A slate of business-backed candidates was winning three of four races for Albuquerque Public Schools Board of Education seats, according to unofficial results Tuesday night.
The results mark a decisive change from previous APS board seat elections, which have largely been all but decided by the Albuquerque Teachers Federation.
Six of the seven current board members were endorsed by the union.
The leading candidates in Tuesday’s election were Danielle Gonzales for District 3, Crystal Tapia-Romero for District 5, Josefina Dominguez for District 6 and Courtney Jackson for District 7.
Dominguez was the only union-endorsed candidate likely to win a seat on the board. The other apparent winners all garnered support from business groups and owners.
This year’s election saw business owners take considerable interest in the board seat races by backing an entirely different slate of candidates from the teachers union, resulting in a flood of campaign donations for business-backed picks.
In three races, candidates backed by business groups out-fundraised their union-endorsed opponents, according to the most recent campaign finance reports. In years past, union-backed candidates typically raised the most money.
Dominguez was the only union pick to garner more campaign donations than her opponent.
New school board members will be tasked with deciding policy issues relating to mask and possible vaccine mandates, and other pandemic-related concerns, alongside budgetary issues, including the distribution of hundreds of millions of dollars in federal funds intended to aid in pandemic recovery.
Voters also decided on a bond and mill levy package that will bring in $630 million over a six-year period, with the money going toward school renovations, educational technology, improving heating and cooling systems, and other upgrades, according to the school district.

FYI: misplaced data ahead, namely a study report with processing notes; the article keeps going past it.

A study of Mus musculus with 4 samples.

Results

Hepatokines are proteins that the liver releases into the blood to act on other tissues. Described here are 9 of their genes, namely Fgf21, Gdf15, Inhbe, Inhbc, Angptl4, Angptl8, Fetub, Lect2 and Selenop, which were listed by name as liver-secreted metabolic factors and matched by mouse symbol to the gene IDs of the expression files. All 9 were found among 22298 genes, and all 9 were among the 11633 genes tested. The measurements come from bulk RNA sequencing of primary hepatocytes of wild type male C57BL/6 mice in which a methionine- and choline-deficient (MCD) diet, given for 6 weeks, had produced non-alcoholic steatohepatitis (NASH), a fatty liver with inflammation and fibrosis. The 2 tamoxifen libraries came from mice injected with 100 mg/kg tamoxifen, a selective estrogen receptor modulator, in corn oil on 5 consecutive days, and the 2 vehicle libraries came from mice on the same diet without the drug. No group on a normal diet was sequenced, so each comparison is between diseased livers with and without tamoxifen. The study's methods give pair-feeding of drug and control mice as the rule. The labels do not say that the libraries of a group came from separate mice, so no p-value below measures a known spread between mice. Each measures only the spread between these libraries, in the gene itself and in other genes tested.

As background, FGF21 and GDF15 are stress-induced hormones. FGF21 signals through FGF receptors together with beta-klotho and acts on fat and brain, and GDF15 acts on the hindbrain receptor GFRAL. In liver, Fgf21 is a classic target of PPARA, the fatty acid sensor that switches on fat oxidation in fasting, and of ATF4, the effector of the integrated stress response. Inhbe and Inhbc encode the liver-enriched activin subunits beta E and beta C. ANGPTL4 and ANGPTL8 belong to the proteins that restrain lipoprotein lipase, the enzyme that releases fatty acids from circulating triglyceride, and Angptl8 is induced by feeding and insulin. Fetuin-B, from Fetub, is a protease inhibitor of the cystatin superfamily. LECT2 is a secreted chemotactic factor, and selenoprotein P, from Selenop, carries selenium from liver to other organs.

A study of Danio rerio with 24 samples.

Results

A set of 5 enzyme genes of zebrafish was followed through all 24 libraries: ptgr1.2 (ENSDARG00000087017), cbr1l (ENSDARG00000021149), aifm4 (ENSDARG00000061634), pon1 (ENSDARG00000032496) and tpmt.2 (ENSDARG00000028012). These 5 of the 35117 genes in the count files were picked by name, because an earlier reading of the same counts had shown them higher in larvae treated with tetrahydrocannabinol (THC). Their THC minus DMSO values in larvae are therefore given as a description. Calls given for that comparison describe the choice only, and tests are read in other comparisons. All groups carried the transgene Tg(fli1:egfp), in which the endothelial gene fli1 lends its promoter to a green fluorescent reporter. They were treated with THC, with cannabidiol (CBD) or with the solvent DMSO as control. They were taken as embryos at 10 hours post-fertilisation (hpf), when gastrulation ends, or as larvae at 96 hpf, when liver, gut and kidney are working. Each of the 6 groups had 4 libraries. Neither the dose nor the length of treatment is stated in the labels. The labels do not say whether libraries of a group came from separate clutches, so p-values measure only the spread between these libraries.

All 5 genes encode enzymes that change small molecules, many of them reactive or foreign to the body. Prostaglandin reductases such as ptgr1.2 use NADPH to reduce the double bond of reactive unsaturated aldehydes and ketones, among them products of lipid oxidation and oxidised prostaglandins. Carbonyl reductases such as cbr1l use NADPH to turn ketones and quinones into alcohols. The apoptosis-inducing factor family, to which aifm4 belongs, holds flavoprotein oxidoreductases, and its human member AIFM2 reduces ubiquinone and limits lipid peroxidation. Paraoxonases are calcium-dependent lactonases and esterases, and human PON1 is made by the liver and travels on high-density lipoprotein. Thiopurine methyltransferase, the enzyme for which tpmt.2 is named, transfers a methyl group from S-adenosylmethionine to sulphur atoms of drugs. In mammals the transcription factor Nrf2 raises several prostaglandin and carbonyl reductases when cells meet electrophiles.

District officials said the bond and mill levy will keep taxes at their current rate, if approved by voters.
The bond question was likely to be approved, with 69% voting in favor, while the mill levy was likely to be approved, with 52% of voters in favor.
For the Board of Education election, voters filled seats in Districts 3, 5, 6 and 7 after none of the incumbents sought reelection.
Nonprofit leader Gonzales, who was backed by business groups, led in the District 3 contest — the closest and most crowded race — with 42% of the vote. Outgoing board vice president Lorenzo Garcia currently holds the seat for the district, which encompasses the North Valley, Downtown and Midtown. Gonzales’ opponents were:
♦ Jinx Baskerville, a former APS teacher and union pick, who took home 39% of the vote
♦ Former teacher Ali Ennenga, with 12% of the vote and
♦ Former deputy city clerk Lucas Gauthier, with 8%.
In District 5, business-backed Tapia-Romero, herself a small-business owner, held a decisive lead for the seat, with 53% of the vote. The district, which is currently represented by outgoing board member Candelaria Patterson, encompasses most of the West Side south of Montaño. Tapia-Romero’s opponents were:
♦ Community organizer Emma Jones, who took home 27% and
♦ Union-backed nurse Uche Marie Ohiri, who trailed, with 19%.
For District 6, former educator Dominguez likely will take the seat currently held by Elizabeth Armijo after winning 55% of the vote. The district is bordered roughly by Comanche on the north and Interstate 40 on the south. Dominguez’s opponents were:
♦ Business owner Arthur Carrasco, with 43% of the vote and
♦ Write-in candidate Celia Cortez, who garnered 2%.
With 48% of the vote, Jackson, who is also backed by the business group, is likely to take over the District 7 seat, which outgoing board president David Peercy has held for more than a decade. The district includes much of the Northeast Heights, and is roughly bordered by Montgomery to the south and Louisiana to the west. Her opponents were:
♦ Union pick and policy worker Julie Brenning, who earned 41.5% and
♦ Community activist Nicholas Bevins, who took home 10% of the vote.